NDA Group releases data comparing FDA and EMA

Information released ahead of annual DIA Europe meeting in Basel

This year’s report—based on preliminary research figures distilled from the European Medicines Agency (EMA) and the U.S. Food and Drug Administration (FDA) websites in January 2018—found that once again, there were more approvals and also more novel drugs approved compared to 2016’s drop. For 2017, there were a total of 103 new drug approvals granted in the United States and the European Union. Of these new products, 15 were approved only in the EU, 52 only in the U.S. and 36 were granted in both regions. Fifty-six of the drugs were classified as novel drugs, six were approved only in the EU, 27 only in the U.S. and 23 in both regions.
“We are pleased to see that the drug approvals are increasing again compared to 2016 year’s figures. It’s also interesting to see that for the first time since we started to analyze the drug approvals small and medium-sized pharma are ahead of Big Pharma,” said Johan Strömquist, CEO of the NDA Group. “Our analysis for 2017 shows that NDA maintains an exceptional position in supporting new drug product approvals in Europe. During the last five years, NDA supported over 40 percent of the new drugs approved with a broad range of services. This is particularly exciting as an increasing proportion of products are emerging based on highly innovative and groundbreaking technologies. This is where we at NDA Group truly excels.”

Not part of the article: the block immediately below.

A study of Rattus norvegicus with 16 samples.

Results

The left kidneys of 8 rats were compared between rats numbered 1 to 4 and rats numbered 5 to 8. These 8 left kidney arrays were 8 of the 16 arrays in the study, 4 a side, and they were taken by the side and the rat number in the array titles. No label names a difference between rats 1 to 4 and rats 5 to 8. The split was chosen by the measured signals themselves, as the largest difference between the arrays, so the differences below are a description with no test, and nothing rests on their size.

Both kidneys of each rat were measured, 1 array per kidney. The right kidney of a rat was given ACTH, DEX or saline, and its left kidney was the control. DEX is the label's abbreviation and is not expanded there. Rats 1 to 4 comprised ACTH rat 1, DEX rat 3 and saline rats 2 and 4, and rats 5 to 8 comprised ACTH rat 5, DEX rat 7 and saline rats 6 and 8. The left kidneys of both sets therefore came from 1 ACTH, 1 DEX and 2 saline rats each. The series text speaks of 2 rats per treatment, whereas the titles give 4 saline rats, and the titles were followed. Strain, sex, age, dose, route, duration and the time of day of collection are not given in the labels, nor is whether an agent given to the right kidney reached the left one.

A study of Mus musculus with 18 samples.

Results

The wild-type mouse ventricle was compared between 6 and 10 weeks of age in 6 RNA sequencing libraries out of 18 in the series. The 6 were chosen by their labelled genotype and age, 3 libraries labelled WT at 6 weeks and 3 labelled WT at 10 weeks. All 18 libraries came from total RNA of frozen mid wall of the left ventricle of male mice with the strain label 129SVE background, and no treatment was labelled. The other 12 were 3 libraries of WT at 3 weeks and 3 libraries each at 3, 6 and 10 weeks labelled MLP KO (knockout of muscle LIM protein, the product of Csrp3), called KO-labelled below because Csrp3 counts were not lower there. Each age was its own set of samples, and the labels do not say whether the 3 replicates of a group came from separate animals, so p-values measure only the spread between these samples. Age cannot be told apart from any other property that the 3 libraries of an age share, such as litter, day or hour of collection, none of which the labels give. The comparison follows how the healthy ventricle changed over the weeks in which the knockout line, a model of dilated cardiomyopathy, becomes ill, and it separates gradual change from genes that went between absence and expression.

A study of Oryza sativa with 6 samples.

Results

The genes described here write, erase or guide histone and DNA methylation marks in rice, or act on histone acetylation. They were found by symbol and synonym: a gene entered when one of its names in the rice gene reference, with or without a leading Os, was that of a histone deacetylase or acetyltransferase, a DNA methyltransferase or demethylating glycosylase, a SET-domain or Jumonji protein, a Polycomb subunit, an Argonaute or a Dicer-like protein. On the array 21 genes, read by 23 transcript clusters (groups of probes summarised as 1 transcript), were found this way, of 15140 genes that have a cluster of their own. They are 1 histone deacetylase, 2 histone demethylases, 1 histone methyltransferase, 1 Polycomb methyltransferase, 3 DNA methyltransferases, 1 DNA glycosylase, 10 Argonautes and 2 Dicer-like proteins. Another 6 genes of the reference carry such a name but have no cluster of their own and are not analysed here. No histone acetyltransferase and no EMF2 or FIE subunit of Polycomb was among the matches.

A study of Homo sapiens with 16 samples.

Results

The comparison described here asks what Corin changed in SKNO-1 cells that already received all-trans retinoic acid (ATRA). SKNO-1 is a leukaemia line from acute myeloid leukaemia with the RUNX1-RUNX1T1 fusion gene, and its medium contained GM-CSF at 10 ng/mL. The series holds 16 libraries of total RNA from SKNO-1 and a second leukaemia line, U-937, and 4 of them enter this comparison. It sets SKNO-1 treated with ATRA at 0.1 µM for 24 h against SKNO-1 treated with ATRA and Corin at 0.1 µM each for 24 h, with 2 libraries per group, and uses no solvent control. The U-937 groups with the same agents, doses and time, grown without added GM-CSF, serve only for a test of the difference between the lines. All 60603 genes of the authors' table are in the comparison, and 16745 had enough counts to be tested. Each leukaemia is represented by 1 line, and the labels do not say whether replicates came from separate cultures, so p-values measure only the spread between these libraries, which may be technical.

“The findings released today show some precedence setting new approvals. In the U.S., the Keytruda (pembrolizumab) approval in oncology demonstrates the shift from defining cancers by the site at which they occur toward a definition by the molecular changes that drives the tumorigenesis,” added Dr. Terese Johansson, NDA’s consultant behind the research. “This approval is likely to have implications for how the drug development process is pursued in the future, particularly in oncology, but most likely also for other therapeutic areas as science progresses. Looking at the therapeutic areas, the far busiest was oncology. With a total of 27 new oncology approvals, so far 12 of these are only approved in the U.S. Moreover, the first digital pill (Abilify MyCite, aripiprazole) has seen the light of day in U.S.”